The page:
Bibring, Grete L. papers, 1899-1977



Grete L. Bibring, (1899-1977), noted psychoanalyst, was one of the members of the "second generation" of Freudian Scholars, and played a leading role in the integration of psychiatry with general patient care.

She worked as a training analyst and instructor at the Vienna Psychoanalytic Institute from 1933-1938. In 1938, she and her family left Vienna for London with Sigmund and Anna Freud in advance of the Nazi takeover of Austria. They soon emigrated to Boston.

In Boston, Bibring's career soon flourished. She was appointed head of the department of psychiatry at the Beth Israel Hospital in 1946, the first woman head of a clinical department at Harvard Medical School. She worked in that role until 1955, at which time she was appointed psychiatrist- in-chief. She remained there until her retirement in 1965.

Bibring also held leadership roles in many other organizations and professional associations, serving as president of the Boston Psychoanalytic Society and Institute and the American Psychoanalytic Association. In 1968 she was selected to be a fellow of the American Academy of Arts and Sciences. She was affiliated with numerous other organizations, including the Radcliffe Institute, Brandeis University, and the International Psycho-Analytic Association, until her death in 1977.

Collection Items

Letter from Mary I. Bunting
Mary I. Bunting first approached Dr. Bibring to hold a seminar at Radcliffe College in 1965 shortly after her retirement. Each seminar that followed was a great success and the student wait list to enroll also grew.

Letter from Robert F. Rutherford
Dr. Bibring’s lectures at Simmons College’s School of Social Work were highly regarded by the faculty and students. She emphasized the importance of implementing psychoanalytic standards in all aspects of social case work.

Letter from Stanley Cobb
Dr. Bibring collaborated with Dr. Cobb while at Harvard Medical School and Dr. Zetzel on issues with child psychology.

Letter from Herrman L. Blumgart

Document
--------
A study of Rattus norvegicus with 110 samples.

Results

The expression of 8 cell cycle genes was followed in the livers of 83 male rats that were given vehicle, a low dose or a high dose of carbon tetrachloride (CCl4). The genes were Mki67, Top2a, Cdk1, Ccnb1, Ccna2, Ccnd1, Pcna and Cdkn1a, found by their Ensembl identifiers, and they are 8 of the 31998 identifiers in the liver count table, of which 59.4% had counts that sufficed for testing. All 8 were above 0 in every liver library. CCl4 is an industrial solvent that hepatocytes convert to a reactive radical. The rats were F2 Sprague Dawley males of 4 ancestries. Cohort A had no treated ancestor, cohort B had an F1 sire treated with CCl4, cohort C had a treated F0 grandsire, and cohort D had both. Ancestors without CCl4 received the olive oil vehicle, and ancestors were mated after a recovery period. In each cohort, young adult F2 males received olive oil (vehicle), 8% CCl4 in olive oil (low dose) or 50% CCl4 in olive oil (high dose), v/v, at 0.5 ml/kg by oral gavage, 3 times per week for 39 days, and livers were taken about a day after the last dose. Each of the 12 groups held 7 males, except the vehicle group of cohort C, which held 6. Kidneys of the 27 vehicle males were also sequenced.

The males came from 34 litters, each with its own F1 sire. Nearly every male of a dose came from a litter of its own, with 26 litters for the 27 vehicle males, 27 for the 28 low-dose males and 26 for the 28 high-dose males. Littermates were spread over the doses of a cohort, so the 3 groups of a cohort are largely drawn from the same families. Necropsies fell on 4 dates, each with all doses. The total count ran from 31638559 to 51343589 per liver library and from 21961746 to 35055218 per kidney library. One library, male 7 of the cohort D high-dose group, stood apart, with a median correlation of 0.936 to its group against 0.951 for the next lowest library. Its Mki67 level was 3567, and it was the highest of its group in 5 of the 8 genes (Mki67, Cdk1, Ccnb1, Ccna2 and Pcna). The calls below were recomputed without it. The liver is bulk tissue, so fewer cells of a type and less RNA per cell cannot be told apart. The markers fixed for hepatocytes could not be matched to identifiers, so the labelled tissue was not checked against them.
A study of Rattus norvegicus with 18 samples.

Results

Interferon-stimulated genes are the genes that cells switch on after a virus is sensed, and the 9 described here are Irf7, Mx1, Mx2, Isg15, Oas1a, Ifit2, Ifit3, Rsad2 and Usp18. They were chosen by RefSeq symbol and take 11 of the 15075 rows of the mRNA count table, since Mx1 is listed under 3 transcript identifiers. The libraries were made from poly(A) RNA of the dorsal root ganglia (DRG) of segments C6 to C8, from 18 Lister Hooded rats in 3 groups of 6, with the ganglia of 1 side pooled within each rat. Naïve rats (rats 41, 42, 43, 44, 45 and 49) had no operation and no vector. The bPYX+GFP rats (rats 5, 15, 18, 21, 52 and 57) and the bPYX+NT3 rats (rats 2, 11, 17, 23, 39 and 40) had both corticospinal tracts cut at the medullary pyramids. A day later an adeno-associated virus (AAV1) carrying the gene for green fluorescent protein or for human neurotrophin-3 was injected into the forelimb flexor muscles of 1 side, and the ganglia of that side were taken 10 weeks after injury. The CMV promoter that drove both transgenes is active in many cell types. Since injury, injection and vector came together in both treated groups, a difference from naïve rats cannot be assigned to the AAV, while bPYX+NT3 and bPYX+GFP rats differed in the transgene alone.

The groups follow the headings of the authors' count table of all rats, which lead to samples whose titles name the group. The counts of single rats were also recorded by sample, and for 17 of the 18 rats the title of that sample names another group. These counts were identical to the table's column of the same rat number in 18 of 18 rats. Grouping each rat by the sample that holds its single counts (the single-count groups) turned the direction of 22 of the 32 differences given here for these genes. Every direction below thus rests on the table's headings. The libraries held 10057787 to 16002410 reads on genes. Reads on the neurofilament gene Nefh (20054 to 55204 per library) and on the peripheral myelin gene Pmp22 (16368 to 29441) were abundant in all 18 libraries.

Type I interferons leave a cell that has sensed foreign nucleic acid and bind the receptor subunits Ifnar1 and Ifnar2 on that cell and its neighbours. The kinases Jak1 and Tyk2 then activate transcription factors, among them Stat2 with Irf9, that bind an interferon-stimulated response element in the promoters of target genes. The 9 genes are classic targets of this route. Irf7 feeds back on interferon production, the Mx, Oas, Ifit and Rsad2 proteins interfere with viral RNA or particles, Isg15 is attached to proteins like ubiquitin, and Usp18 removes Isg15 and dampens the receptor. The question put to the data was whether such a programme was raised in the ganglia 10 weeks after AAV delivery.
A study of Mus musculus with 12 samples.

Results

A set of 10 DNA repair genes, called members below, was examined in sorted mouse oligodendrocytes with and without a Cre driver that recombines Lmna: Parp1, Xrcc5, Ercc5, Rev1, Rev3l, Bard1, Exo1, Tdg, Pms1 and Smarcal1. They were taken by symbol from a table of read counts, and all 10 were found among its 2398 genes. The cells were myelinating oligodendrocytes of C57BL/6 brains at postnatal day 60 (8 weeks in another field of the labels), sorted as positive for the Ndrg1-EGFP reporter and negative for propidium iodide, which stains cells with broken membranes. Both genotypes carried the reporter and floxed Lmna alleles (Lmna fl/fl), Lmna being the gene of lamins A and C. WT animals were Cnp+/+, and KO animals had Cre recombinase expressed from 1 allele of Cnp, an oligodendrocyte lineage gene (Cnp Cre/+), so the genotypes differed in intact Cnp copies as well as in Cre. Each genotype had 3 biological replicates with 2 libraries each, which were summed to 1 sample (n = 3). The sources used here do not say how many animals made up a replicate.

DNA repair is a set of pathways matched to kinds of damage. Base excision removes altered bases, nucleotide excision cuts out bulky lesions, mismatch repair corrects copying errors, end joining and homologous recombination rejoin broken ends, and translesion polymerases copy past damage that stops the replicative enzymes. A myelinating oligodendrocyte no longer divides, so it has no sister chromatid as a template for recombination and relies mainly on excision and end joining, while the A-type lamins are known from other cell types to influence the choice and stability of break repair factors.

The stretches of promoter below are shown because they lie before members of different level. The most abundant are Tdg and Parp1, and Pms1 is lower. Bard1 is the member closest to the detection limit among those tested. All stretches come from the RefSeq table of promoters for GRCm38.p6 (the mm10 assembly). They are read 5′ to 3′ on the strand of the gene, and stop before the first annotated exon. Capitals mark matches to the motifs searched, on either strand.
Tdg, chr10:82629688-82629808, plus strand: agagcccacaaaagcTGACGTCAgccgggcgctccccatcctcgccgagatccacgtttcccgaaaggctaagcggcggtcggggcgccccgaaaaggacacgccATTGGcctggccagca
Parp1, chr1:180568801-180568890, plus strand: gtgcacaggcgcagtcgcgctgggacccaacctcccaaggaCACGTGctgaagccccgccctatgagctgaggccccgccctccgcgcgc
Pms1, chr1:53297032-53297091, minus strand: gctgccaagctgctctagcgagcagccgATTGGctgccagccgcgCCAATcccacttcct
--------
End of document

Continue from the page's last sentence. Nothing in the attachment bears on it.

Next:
Dr. Blumgart was the Physician-in-Chief at Beth Israel Hospital that requested Grete to develop and head the psychiatric department in the mid 1940s.

Immigration Identification Papers
The Bibring family and Grete

Medical Degree, University of Vienna
Dr. Bibring entered medical school in 1918 at the University of Vienna. Her interest in psychoanalysis deepened during these years and by graduation in 1924, she was already a member of the Vienna Psychoanalytic Society.

Marriage Certificate
Grete and Edward were married in December 1921 in the midst of their medical school program.

Diploma from the Gymnasium, Vienna
Dr. Bibring excelled in her studies at the Gymnasium. She was proficient in Greek and Latin and enjoyed intellectual intense environment.

Letter from Frederick Lehner
Most of the correspondence between Grete and her brother, Frederick (Fritz), continued in German, as did many of her family and friends.

Radiogram from Victoria Lehner
Dr. Bibring’s mother, Victoria, sent a radiogram shortly after the family had moved to Boston in 1941, while she remained in London.

Letter from Erik Erikson
She maintained many long term friendships with her associates throughout her life. Dr. Bibring became more dependent on these relationships as her health deteriorated and became more confined to her home.

Letter to Princess Marie Bonaparte
Dr. Bibring was a close colleague to one of the regal members of the psychoanalytic community, Princess Marie Bonaparte of Greece. They corresponded frequently and attended many of the International Psychoanalytic Association meetings together.

Grete Bibring Portrait Dedication at Beth Israel Hospital
Six months before Dr. Bibring’s retirement, Beth Israel Hospital honored Grete’s service by commissioning a portrait of her. During the hospital’s annual dinner, Dr. Helen Tartakoff delivered a speech during the unveiling of the…

Psychiatry and social work
According to Dr. Bibring, integrating psychiatric methods into all forms of patient care was essential for a successful recovery. The key was to understand both internal and external factors effecting personality traits and based upon that, determine…

The Educated Woman
Dr. Bibring constructed outlines of each Radcliffe seminar discussion that she directed. She also noted the group dynamic of the seminar by sketching the seating arrangement for each meeting.

Sympathy card from Malkah Notman
In 1959 Edward Bibring passed away from Parkinson’s disease. Many in the psychoanalytical and medical communities provided Grete with support and compassion.

Painting by Thomas Bibring
Dr. Bibring kept close correspondence with her sons George and Thomas while they attended school. She saved many of the letters and drawings that they sent throughout her lifetime.

Pregnancy Stamp
This stamp was used during the pregnancy projects that Dr. Bibring headed at Beth Israel. The symbol portrays a mother with her child.

Letter from George J. Mohr
Dr. Bibring participated in many professional activities such as the panel for "The Personal Analysis of the Candidate in its Relationship to his Supervised Analytical Work." She pushed for stricter standards in all training analysis, a testament of…

Letter from Phyllis Greenacre
From one former president of the American Psychoanalytic Association to another, Dr. Greenacre discussed the next International Psychoanalytic Congress to be held in London, 1953.

Letter from Anna Freud
Anna was a lifelong confidant of Grete’s. She traveled across the Atlantic often to visit with Grete and other friends. Anna proves to be a prominent figure in Grete’s collection of correspondence.